Protecting Health in Latino Communities: Spanish Health Studies Guide
1:00 pm US Eastern Time
Health Studies Guide: Is a health study the answer for your community? A guide for making informed decisions
Madeleine Scammell, DSc, and Lena Entin: Protecting Health in Latino Communities: Spanish Health Studies Guide
Rocio Estrella, MS: Importance of Process of Translation
Residents living in communities affected by environmental hazards often seek technical and scientific expertise, especially when they have concerns about how toxic exposures may be affecting their health. As public health professionals, we create materials that we hope will empower residents to make informed decisions on how to address exposures like drinking water contamination, power plant emissions or lead-contaminated land. We strive to make these materials understandable and accessible, and translation is a crucial – yet perhaps overlooked – part of this work.
On this call, we discussed the importance of translating our materials into other languages, and into Spanish in particular. Spanish is the second most commonly spoken language in the US, and Spanish-speaking communities may be disproportionately impacted by environmental injustices due to racial and economic disparities in the distribution of environmental burdens. The ultimate objective of working with communities is to protect their health, reduce exposures to environmental hazards, and prevent future adverse health outcomes. To achieve this goal, Spanish-speakers must have equal access to materials and resources to improve their environments.
On this call, Madeleine Scammell, DSc, Assistant Professor of Environmental Health at the Boston University School of Public Health (BUSPH), and Lena Entin, Deputy Director of Toxics Action Center, discussed the Spanish translation of the Health Studies Guide. The Guide is a product of the BU Superfund Research Program Community Engagement Core that assists community groups in deciding if a health study is an appropriate strategy for addressing and environmental health concern. Rocío Estrella, MS, Program Coordinator at the University of Arizona Superfund Research Program (UA SRP), discussed the importance and process of translation and give examples of successful translations in her work.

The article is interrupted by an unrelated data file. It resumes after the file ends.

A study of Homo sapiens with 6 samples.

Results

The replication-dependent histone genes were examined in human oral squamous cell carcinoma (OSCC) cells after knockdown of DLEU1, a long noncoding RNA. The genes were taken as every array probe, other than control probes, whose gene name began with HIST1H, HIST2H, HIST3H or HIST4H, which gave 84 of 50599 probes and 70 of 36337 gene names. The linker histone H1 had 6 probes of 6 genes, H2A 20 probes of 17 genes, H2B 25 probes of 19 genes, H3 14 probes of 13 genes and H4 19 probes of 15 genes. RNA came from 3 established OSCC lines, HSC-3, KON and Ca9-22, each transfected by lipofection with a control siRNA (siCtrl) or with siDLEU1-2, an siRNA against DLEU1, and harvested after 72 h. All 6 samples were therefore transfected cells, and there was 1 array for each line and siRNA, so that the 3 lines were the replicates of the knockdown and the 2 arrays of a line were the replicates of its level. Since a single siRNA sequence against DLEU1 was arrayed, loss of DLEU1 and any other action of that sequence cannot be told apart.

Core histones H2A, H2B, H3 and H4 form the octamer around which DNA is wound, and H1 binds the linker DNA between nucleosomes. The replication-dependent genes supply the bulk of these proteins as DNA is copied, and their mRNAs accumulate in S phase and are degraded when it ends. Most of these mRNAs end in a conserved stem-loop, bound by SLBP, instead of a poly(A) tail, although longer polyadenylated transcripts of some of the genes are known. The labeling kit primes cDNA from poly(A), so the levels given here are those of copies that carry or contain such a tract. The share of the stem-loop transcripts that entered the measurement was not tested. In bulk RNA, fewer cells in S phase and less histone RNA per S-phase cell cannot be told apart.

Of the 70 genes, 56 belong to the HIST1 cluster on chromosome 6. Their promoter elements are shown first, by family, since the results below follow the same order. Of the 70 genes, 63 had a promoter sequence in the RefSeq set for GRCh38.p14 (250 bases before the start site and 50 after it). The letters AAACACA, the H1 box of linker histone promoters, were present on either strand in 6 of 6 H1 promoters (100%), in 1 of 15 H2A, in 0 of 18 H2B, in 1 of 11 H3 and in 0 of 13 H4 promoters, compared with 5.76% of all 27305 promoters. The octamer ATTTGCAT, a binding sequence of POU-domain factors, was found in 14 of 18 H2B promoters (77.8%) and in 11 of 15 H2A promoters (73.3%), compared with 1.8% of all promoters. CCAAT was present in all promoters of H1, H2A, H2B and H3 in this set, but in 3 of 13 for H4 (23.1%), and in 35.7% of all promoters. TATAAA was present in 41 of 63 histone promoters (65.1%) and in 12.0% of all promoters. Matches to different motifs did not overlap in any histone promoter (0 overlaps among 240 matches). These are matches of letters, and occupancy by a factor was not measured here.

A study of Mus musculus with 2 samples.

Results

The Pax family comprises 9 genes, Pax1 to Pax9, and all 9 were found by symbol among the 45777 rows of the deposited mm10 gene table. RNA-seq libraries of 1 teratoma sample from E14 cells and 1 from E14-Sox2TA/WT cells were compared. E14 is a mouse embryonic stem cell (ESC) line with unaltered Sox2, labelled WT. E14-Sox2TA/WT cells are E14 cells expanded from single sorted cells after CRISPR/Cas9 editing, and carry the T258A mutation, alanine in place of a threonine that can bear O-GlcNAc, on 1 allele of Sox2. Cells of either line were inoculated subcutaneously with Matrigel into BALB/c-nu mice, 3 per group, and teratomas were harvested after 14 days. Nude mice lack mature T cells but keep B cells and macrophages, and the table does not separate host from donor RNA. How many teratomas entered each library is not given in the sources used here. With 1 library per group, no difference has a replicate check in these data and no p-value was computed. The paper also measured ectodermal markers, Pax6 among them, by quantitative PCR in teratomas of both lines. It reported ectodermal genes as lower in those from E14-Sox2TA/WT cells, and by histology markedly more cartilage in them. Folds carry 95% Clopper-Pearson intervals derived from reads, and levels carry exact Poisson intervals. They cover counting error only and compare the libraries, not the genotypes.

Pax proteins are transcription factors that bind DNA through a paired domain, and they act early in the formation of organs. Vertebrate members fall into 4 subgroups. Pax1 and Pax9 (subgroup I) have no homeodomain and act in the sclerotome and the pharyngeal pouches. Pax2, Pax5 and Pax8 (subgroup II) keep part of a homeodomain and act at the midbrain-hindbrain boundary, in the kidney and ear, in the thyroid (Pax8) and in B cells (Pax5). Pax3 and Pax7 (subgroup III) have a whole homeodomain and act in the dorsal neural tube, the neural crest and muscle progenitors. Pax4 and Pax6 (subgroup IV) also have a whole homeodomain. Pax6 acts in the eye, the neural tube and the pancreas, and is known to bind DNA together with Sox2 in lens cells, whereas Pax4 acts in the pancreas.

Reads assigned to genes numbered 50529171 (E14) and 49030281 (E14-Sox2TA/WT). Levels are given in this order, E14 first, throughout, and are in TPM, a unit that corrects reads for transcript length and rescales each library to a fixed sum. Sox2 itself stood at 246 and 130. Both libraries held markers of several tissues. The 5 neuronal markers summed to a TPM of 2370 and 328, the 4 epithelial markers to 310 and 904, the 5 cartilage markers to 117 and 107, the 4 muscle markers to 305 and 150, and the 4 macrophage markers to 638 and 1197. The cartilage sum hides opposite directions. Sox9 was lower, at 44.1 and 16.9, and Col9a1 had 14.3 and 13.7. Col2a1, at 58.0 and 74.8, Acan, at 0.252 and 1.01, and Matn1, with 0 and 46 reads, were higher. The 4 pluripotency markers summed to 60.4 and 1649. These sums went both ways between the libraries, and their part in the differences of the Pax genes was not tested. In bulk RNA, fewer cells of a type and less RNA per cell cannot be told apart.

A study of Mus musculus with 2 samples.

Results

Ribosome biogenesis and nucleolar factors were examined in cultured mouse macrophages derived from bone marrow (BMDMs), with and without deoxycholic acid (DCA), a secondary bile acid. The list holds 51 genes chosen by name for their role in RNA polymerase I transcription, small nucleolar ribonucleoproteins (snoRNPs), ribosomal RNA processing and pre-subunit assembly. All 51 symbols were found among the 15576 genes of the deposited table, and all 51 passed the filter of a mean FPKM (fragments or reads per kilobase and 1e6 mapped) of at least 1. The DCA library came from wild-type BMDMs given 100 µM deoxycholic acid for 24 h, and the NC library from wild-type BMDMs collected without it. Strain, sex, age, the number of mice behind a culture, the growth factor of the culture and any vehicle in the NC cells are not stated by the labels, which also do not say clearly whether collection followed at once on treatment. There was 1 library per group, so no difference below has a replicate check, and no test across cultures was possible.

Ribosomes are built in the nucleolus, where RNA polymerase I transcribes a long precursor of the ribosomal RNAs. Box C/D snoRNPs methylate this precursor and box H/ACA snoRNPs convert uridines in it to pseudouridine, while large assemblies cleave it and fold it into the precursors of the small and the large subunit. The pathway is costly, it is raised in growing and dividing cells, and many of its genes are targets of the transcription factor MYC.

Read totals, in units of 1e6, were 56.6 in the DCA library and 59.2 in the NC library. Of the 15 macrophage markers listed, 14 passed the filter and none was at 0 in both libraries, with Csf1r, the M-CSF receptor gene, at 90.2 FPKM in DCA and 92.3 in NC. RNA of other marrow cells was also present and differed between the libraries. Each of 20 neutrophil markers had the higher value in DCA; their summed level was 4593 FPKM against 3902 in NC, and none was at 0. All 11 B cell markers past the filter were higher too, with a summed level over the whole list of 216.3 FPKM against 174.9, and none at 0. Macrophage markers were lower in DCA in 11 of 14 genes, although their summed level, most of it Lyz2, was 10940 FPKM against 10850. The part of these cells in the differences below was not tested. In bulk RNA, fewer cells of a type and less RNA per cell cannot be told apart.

Madeleine Scammell, DSc, is an Assistant Professor of Environmental Health at Boston University School of Public Health, and serves as leader of the Community Engagement Cores for the Boston University Superfund Research Program and the Center for Research on Social and Environmental Stressors in Housing across the Lifecourse. In this capacity her work includes developing mechanisms to support long-and short-term research relationships between community groups and scientists, and responding to community requests for scientific assistance. Dr. Scammell is also a JPB Environmental Health Fellow at Harvard School of Public Health. Her expertise is in the area of community-driven and community-based participatory research and includes the use of qualitative methods in the area of environmental health and epidemiologic studies. Dr. Scammell serves of the Board of Health in the City of Chelsea, MA, and on the board of directors of the Science & Environmental Health Network. Dr. Scammell was recently selected for the National Institute of Environmental Health Sciences (NIEHS) Outstanding New Environmental Health Science (ONES) award. The award will support her research on the epidemic of chronic kidney disease among agricultural workers in El Salvador.
Lena Entin recently joined Toxics Action Center as Deputy Director, bringing a rich history of organizing in Environmental Justice Latino communities with Neighbor to Neighbor (N2N). She led N2N’s first environmental campaign to shut down the Mt. Tom coal plant in Holyoke, with assistance from Toxics Action Center. Under Lena’s leadership over 16 years, N2N doubled in size as she founded chapters in Fitchburg, Holyoke, and Springfield, Massachusetts, and she also led the organization’s fundraising work for two years. Lena’s organizing career began in El Salvador, where she was a community organizer and Spanish-English interpreter for U.S.-El Salvador Sister Cities.
Rocio Estrella, MS, joined the University of Arizona Superfund Research Program over 10 years ago where she serves as Program Coordinator. Last month, she joined Project Harvest where she works as the primary Interpreter/Translator (Spanish-English). Rocio Estrella has a Bachelor’s Degree in Agricultural Engineering (from the Instituto Tecnológico de Sonora, Mexico) and a Master’s Degree in Soil Water and Environmental Science (from the University of Arizona). She has the technical and cultural background to translate the environmental health information materials for the UA SRP and Project Harvest, rendering accurate language translation to communicate and inform effectively with people with limited English proficiency.
The call was moderated by Dr. Wendy Heiger-Bernays. It lasted for one hour and was recorded for the call archive.